A smoke advisory will remain in effect through Tuesday afternoon for a large part of Southern California as three local wildfires continue to spew harmful particles into the air.
The South Coast Air Quality Management District on Monday extended the smoke advisory due to the wildfire smoke from the Bobcat, El Dorado and Snow Fires which are impacting several areas in Los Angeles, Riverside and San Bernardino counties, including the cities of Azusa, Monrovia, Yucaipa and the Cabazon area.
The Bobcat Fire was producing substantial amounts of smoke on Monday morning, more than the El Dorado and Snow Fires, according to satellite and webcam imagery.
“Smoke from the Bobcat Fire is being transported towards the north,” the SCQAMD said in a news release. “Smoke from the Eldorado Fire is being transported towards the northeast. Smoke from the Snow Fire is being transported to the north and northeast into the northern portions of Coachella Valley.”
The Bobcat Fire continued to rage on Monday evening after erupting on Sept. 6. The blaze is burning north of Azusa, Duarte, Monrovia, and Arcadia in the Angeles National Forest and is also threatening homes in the Antelope Valley. The massive inferno has charred more than 105,300 acres and is 15% contained.
Areas along the 210 Freeway corridor including Glendora, Azusa, Arcadia, Pasadena, Glendale and Burbank are expected to see the most smoke and ash on Tuesday morning. By Tuesday evening, southerly winds are expected to move the smoke from the Bobcat Fire north into the mountains and out of the South Coast Air Basin, the SCQAMD said.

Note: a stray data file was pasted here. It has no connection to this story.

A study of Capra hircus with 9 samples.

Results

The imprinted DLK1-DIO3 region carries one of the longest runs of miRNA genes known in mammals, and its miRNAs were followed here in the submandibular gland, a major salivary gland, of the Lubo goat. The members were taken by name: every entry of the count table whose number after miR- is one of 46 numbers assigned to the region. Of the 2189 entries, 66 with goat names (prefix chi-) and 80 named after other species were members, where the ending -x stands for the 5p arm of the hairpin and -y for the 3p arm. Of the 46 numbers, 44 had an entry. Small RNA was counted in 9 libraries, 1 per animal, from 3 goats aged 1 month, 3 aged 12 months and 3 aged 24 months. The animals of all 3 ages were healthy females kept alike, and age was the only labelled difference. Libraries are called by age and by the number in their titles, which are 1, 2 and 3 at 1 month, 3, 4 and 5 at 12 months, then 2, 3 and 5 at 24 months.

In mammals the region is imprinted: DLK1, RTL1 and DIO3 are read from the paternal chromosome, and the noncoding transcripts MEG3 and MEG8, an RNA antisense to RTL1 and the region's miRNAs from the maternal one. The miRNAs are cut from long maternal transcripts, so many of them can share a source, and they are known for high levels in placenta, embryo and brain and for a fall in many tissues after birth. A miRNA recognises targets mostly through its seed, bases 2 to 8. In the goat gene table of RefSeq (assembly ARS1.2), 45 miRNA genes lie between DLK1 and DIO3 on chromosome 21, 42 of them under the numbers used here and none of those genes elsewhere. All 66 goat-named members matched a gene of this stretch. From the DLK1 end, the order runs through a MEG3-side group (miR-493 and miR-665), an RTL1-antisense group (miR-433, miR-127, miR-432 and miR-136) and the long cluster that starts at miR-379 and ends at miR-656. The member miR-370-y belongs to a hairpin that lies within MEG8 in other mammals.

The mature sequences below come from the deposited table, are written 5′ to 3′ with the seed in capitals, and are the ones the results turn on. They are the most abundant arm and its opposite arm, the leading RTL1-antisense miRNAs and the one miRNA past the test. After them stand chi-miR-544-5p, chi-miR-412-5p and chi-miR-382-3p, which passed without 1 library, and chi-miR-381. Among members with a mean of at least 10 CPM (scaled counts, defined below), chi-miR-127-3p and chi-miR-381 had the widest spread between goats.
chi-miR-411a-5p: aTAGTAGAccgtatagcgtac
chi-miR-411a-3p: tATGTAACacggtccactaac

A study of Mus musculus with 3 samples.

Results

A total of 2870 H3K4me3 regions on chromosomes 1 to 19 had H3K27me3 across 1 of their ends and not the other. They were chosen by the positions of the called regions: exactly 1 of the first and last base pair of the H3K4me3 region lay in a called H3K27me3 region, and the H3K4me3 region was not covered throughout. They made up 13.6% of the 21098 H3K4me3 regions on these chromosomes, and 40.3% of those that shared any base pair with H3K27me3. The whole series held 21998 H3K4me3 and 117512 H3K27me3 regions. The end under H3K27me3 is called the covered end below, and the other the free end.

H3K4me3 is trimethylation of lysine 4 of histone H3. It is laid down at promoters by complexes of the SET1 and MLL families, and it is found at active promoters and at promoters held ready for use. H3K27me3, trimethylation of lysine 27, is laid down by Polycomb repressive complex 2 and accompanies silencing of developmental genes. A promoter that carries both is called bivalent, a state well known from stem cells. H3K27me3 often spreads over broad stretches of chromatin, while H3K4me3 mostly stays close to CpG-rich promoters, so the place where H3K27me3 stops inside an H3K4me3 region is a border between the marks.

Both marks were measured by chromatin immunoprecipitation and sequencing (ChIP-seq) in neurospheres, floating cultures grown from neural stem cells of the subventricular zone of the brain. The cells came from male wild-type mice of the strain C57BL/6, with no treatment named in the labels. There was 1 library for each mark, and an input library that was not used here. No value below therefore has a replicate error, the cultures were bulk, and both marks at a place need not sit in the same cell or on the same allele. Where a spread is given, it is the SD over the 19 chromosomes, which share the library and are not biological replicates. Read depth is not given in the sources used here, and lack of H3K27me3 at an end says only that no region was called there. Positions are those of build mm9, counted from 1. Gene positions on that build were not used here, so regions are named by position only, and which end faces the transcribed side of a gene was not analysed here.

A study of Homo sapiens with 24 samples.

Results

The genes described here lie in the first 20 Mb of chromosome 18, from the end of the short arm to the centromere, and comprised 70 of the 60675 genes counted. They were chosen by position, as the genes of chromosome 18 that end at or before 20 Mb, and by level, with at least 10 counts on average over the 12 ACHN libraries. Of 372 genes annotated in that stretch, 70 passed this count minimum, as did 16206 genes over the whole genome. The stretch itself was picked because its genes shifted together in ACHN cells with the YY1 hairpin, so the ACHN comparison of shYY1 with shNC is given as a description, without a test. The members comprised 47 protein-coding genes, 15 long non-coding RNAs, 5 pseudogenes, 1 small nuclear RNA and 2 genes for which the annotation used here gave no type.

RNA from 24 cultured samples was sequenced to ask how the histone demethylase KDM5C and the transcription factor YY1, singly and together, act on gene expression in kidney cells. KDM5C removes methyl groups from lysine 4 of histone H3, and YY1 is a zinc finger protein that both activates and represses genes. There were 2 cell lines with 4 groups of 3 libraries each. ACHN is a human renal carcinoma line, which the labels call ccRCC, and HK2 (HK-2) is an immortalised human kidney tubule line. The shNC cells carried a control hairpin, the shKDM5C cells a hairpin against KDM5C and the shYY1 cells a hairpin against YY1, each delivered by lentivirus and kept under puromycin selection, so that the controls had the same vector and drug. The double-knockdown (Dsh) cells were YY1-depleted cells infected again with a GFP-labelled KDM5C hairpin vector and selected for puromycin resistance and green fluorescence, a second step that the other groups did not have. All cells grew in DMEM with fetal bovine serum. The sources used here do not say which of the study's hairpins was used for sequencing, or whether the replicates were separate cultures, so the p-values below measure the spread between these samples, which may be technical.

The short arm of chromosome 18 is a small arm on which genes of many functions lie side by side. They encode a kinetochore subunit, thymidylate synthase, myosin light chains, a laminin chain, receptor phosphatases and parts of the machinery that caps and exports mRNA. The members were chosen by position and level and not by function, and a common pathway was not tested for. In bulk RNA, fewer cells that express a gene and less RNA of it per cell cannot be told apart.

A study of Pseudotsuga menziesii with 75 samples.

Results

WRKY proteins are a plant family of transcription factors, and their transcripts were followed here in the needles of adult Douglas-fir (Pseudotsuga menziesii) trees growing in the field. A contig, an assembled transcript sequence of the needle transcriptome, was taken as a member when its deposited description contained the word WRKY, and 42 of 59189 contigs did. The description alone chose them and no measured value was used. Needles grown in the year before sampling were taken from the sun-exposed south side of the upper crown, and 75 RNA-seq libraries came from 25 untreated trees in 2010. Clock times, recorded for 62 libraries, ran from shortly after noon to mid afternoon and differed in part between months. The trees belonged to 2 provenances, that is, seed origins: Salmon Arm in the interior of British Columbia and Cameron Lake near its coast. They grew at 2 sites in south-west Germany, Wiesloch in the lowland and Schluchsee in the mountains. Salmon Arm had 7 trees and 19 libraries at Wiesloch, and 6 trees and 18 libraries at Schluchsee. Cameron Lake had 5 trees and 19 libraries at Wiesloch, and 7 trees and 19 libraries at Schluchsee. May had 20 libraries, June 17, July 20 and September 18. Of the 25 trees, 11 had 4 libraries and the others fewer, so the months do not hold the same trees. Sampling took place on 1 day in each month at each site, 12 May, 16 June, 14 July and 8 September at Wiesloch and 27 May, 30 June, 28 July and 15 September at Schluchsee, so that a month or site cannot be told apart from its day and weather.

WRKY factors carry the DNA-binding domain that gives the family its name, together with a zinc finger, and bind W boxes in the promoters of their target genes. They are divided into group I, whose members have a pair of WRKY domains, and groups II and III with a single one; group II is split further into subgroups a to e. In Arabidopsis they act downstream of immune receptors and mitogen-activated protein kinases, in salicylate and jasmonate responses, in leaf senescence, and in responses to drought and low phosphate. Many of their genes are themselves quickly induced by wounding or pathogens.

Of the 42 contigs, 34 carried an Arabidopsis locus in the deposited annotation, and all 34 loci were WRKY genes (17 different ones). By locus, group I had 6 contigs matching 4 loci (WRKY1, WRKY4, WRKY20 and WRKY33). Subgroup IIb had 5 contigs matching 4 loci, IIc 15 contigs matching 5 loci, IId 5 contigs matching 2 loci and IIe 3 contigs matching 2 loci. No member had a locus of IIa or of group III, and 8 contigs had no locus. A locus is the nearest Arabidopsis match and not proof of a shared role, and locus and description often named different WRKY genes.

Meanwhile, firefighters in San Bernardino County were still battling the El Dorado Fire burning in the mountains near Yucaipa. As of Monday afternoon, the blaze had burned more than 22,500 acres and was 59% contained. Heavy smoke is likely in Desert Hot Springs and Palm Springs on Tuesday morning and in the Big Bear area on Tuesday evening, officials reported.
Fire crews were also battling the Snow Fire in Riverside County burning in the San Jacinto Wilderness near Cabazon. It has burned about 6,000 acres and was 38% contained as of Monday. Smoke from the fire is expected to move northeast into the Coachella Valley by Tuesday afternoon.
Wildfire smoke and its particles can cause burning eyes, runny nose, scratchy throat, headaches and illness. For those with sensitive conditions, the small particles from wildfire smoke can cause difficulty breathing, wheezing, coughing, fatigue and chest pain.
The SCAQMD advises anyone who smells smoke or sees ash to limit their exposure by remaining indoors with windows and doors closed and to avoid vigorous physical activity.